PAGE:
BMT Defence Services, a subsidiary of BMT Group, has successfully completed a technology assessment and road-mapping study for the Royal Navy’s Future Surface Combatant (FSC) programme. The FSC is expected to build on the capabilities of the existing type 22 and type 23 multi-purpose frigates that they will replace, as an integral part of the balanced fleet required to support the UK’s future defence commitments.
BMT and project partner Systems Engineering & Assessment (SEA) carried out this important study for the Surface Combatants Directorate (a team within the Ministry of Defence [MoD], responsible for delivery of the FSC programme).
The study team identified potential technologies for inclusion in the FSC concept design, considering existing and required future capabilities, technology lifecycles, compatibility, design, cost and risk. Over 50 individual technologies were examined in areas such as novel hull forms, power and propulsion, navigation, communication, radar and combat systems, and deployed/embarked systems. The study, which took four months, produced a wide variety of detailed technology roadmaps, technology maturity assessments and supporting information. The study outputs will help to inform the FSC initial gate (IG) business case, the first approval point in the design, development and construction programme.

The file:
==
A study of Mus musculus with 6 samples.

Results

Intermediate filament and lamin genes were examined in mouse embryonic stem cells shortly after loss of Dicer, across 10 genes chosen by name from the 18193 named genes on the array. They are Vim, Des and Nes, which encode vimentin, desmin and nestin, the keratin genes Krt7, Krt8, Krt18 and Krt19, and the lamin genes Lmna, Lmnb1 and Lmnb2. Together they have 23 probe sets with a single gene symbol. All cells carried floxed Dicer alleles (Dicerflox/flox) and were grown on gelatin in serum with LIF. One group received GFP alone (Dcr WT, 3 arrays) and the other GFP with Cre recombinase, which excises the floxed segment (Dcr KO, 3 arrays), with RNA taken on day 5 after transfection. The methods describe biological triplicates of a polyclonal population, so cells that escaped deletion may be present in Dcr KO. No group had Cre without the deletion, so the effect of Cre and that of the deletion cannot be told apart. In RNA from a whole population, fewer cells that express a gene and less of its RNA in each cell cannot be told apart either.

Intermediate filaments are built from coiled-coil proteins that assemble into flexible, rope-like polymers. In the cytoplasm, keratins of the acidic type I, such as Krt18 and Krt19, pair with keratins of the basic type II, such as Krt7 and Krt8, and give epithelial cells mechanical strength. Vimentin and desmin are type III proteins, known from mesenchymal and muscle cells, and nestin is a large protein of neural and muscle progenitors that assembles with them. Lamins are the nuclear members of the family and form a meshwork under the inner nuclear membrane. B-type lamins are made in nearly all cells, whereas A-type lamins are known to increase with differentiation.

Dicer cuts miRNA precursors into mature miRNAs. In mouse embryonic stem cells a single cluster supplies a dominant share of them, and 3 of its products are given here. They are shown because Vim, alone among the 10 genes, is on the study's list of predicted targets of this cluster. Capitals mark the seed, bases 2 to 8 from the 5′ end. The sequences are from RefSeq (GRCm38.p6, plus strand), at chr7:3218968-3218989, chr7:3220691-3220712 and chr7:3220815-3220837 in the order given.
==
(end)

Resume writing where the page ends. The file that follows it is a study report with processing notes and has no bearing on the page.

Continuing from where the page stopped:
Tim Hardy, BMT project manager of the study, says, “BMT received extremely positive feedback for the knowledge delivered through this study, which was carried out in a relatively short period of time. The fundamental approach that we adopted has been successfully applied in past studies for the UK MoD. We provide clients with a broad, accurate and up to date appraisal of enabling technologies that have potential merit for inclusion in any ship or submarine design. We are looking forward to further significant involvement in the maturing FSC programme.”
BMT Defence Services is also a core member of the MoD’s new naval design partnership (NDP). In April 2008, the NDP began 12 months of technical studies for the FSC concept design.